Drive times for motorists between much of Northeast Arkansas and the central and southern parts of the state should now be safer and faster.
The final section of the new U.S. 67 from Swifton to Walnut Ridge, and the four-lane expansion of Arkansas 226 that connects Jonesboro with U.S. 67 near Swifton were officially dedicated Thursday (Aug. 11). State and local officials gathered to celebrate a significant upgrade in the region’s highway system.
“This isn’t just a road improvement. This will impact the safety and lives of people throughout Northeast Arkansas,” Walnut Ridge Mayor Charles Snapp told Talk Business & Politics. “This will be another tool that we can utilize to positively impact the economy of this part of the state.”
The four-lane project of Arkansas 226 began in 2010, and the total cost for the project was $83 million including the right of ways, according to numbers released by the Arkansas Highway and Transportation Department. Construction on the final, almost 17-mile section of U.S. 67 from Swifton to Walnut Ridge, began in 2012, and it cost $76.4 million to complete. It connects to the new U.S. 67 from Swifton to Newport that was dedicated in 2009.
The former section of U.S. 67 from Newport to south Hoxie will now be designated as U.S. 367, said AHTD District 10 Maintenance Engineer Brad Smithee. U.S. 67 will begin again in Walnut Ridge leading into Pocahontas, just off the U.S. 67 Walnut Ridge/Hoxie bypass. Drive times in the region will be dramatically impacted, he said.
A motorist driving from Jonesboro to Little Rock could save as much as 30 minutes off their drive, Smithee said. Drivers from other cities and towns from around the area including Paragould, Trumann, Pocahontas, Corning, Walnut Ridge, and others will also have quicker drive times.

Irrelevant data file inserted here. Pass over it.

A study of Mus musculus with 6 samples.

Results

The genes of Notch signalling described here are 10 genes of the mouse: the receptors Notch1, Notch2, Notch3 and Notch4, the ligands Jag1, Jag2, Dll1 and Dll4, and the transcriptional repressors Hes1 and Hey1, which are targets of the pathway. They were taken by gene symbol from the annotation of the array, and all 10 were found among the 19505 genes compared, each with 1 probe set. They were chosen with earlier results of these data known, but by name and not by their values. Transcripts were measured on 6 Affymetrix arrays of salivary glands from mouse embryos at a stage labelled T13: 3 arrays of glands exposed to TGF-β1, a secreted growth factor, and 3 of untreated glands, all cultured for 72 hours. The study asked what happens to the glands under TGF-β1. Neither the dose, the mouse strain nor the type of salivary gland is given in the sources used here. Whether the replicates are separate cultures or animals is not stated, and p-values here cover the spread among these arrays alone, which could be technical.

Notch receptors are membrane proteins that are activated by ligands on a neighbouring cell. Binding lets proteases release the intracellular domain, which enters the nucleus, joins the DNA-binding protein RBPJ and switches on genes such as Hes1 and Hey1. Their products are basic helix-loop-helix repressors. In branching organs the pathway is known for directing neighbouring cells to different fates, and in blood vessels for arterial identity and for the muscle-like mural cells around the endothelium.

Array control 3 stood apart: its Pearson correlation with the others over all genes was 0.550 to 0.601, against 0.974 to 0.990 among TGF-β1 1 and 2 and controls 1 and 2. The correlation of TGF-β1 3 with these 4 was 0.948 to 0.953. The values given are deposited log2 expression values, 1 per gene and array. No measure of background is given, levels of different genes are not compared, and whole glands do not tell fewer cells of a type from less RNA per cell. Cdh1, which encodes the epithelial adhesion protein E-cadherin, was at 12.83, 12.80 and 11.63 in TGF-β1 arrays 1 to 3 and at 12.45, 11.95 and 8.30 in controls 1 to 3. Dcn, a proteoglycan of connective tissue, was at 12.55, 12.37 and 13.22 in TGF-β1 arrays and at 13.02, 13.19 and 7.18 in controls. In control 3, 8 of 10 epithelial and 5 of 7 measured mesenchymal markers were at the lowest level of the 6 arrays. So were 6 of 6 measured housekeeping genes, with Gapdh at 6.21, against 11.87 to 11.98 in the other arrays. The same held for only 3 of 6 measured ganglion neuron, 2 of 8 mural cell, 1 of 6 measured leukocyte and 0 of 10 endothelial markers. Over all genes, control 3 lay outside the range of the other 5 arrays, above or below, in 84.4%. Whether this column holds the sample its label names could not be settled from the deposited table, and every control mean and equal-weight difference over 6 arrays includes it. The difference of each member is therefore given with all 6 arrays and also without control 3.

Safety is a major reason why the road upgrades were necessary, Jonesboro Mayor Harold Perrin told Talk Business & Politics. Expanded road ways will increase driver safety, and will become another calling card for economic development, Perrin said. There’s also a belief that quicker and safer drive times will lead more high school students from the central and southern part of the state to attend Arkansas State University in Jonesboro, he added.
“We’re very delighted about these projects … this is an example of how regionalism affects everybody,” Perrin said. “What’s good for one of us is often times good for all of us,” he said.
Arkansas 226 completion is the latest transportation improvement for Jonesboro, the region’s hub city. Earlier this year, a section of U.S. 63, connecting Jonesboro to Memphis was designated as the I-555 corridor. The designation means the highway can now apply for federal money for expansions, and improvements.
The economic implications began early Thursday morning before the highway projects were officially dedicated. Snapp said he got a call from Allegis Corp., a company that operates a distribution center in the industrial park at the Walnut Ridge Airport. Allegis wants to build an additional, 20,000-square-foot facility, and the new highway is the primary reason, Snapp said.
How this will affect drive patterns in this part of the state is uncertain, but officials think towns like Pocahontas and Walnut Ridge will experience more drivers, and trucks now that the route is four-laned from North Little Rock, Smithee said.
More drivers mean more customers for local businesses, Snapp said. It will take months and years to gauge exactly how much this will shape the economy and safety in this part of the state.
“This is a big day in Northeast Arkansas,” Snapp said.